BERLIN (Reuters) -Social Democrat Olaf Scholz became Germany’s chancellor on Wednesday, ending 16 years of conservative rule under Angela Merkel and launching his three-way coalition that has pledged to boost green investment and strengthen European integration.
Scholz, 63, who over the past four years served as vice chancellor and finance minister in coalition with Merkel, won a majority of 395 votes from lawmakers in the lower house of parliament, Bundestag President Baerbel Bas said.
Wearing a black face mask, Scholz waved as he received a standing ovation from lawmakers and accepted bouquets of flowers and a basket of apples from leading members of parliament.
After being formally nominated by President Frank-Walter Steinmeier in the nearby Bellevue Palace, Scholz returned to the historic Reichstag building in the heart of the German capital to take the oath of office in front of lawmakers and become Germany’s ninth chancellor since the end of World War Two.
In one of his first interviews as chancellor, Scholz told Welt TV that Russia would have to face consequences if Ukraine’s borders were violated, but he added that Germany and its allies were doing everything possible to avoid such an escalation.
Concerned by a Russian military build-up near the Ukrainian border, the United States wants Germany to use its pending approval of the nearly finished Nord Stream 2 gas pipeline from Russia as leverage in the standoff with Moscow over Ukraine.
In another interview with ZDF television, Scholz skirted questions about whether Germany would join the United States, Australia and Britain in a diplomatic boycott of the Winter Olympic Games in Beijing.
In parliament, he swore to devote his energies to the welfare of the German people – but did not ask for God’s help, a phrase that is usually included in the oath of office and was spoken by Merkel.
Back in Bellevue Palace, the ministers of the new cabinet received their appointment certificates from the president.
Merkel officially handed over the chancellery to Scholz and wished him a “steady hand” as Germany faces a surging fourth wave of coronavirus infections and hybrid attacks on democracies by authoritarian leaders.
In a short speech, Scholz hailed Merkel as a great chancellor and thanked her for a close and trustful relationship over the past years.
“I would like to build on the northeast German mentality, if I may say so, that has reigned here so far. Not much will change it this regard,” Scholz said in reference to their shared northern roots in the port city of Hamburg.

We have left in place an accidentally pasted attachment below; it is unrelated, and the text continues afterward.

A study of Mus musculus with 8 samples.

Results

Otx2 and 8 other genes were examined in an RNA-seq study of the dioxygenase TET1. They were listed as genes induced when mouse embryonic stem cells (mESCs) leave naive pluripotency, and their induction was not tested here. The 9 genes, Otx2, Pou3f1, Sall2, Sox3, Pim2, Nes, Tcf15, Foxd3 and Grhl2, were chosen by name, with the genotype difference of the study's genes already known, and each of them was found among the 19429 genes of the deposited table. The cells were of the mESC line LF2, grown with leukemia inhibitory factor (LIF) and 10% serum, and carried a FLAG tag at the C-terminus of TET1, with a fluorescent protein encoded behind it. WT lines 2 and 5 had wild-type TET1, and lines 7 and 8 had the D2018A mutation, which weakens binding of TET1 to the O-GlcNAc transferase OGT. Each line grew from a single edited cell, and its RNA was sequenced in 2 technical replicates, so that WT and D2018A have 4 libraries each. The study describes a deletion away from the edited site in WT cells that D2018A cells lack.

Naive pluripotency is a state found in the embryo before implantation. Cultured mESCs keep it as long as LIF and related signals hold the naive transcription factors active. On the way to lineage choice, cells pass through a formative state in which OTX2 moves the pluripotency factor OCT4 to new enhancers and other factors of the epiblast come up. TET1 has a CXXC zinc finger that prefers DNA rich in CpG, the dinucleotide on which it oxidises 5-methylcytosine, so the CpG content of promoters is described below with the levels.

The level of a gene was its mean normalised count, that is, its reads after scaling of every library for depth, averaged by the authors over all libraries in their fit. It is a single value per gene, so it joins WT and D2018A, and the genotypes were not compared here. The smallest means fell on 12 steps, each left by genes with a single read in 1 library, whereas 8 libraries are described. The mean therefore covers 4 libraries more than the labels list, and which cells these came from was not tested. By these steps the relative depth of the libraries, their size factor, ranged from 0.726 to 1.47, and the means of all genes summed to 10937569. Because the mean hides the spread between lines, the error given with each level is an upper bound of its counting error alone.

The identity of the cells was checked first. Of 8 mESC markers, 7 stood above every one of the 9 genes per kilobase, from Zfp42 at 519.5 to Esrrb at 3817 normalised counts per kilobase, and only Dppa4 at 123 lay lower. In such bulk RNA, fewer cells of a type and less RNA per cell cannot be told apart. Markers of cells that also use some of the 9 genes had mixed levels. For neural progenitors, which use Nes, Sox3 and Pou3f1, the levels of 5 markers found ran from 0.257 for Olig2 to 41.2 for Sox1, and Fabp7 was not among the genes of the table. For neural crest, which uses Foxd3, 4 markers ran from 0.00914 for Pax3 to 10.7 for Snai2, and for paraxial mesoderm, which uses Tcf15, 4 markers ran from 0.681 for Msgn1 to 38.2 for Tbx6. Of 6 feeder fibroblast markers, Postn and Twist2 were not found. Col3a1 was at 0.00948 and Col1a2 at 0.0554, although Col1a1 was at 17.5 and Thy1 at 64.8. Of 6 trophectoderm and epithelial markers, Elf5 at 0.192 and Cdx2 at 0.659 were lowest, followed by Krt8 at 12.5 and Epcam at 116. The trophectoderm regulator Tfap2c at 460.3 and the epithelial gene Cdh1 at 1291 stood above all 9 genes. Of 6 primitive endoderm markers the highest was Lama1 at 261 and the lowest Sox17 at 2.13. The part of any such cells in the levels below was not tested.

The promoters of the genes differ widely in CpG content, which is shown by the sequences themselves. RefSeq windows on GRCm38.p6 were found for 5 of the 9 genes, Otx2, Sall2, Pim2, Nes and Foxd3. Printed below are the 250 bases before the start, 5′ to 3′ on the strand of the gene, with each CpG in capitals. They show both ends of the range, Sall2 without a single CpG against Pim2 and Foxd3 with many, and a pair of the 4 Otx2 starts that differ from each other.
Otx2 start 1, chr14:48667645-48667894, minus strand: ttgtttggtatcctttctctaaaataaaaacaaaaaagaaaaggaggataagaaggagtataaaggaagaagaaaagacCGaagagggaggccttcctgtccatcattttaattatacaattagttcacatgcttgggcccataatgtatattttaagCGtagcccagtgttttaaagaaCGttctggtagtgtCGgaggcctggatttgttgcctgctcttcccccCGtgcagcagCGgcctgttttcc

With his down-to-earth and no-nonsense manner, Scholz has positioned himself as Merkel’s natural successor and a safe pair of hands to steer Germany through challenges ranging from tackling the climate crisis to dealing with a more confrontational Russia and increasingly assertive China.
Scholz will lead an unprecedented tripartite coalition on the federal level with the pro-spending, environmentalist Greens and the fiscally more conservative, libertarian Free Democrats (FDP) – unlikely political bedfellows in the past.
Scholz is an experienced negotiator and veteran politician who as SPD party secretary general from 2002 until 2004 defended disputed labour market reforms and social welfare cuts under then-Chancellor Gerhard Schroeder.
As labour minister from 2007-2009 in Merkel’s first ruling coalition, Scholz pushed for a generous short-time work scheme that helped protect millions of workers from the fallout of the global financial crisis.
After being mayor of Hamburg from 2011-2018, Scholz returned to Berlin as Merkel’s finance minister – a role in which he got rid of the goal of balanced budgets and enabled record new borrowing to shield companies and employees from the impact of the coronavirus pandemic.
On the European level, he worked closely with France and persuaded Merkel to support a debt-financed European Recovery Fund worth 800 billion euros ($900 billion) to help EU member states hit hardest by COVID-19.
Merkel, 67, a lover of opera and hiking in the little spare time she has had in the last 16 years, has given few clues about what she plans to do in retirement.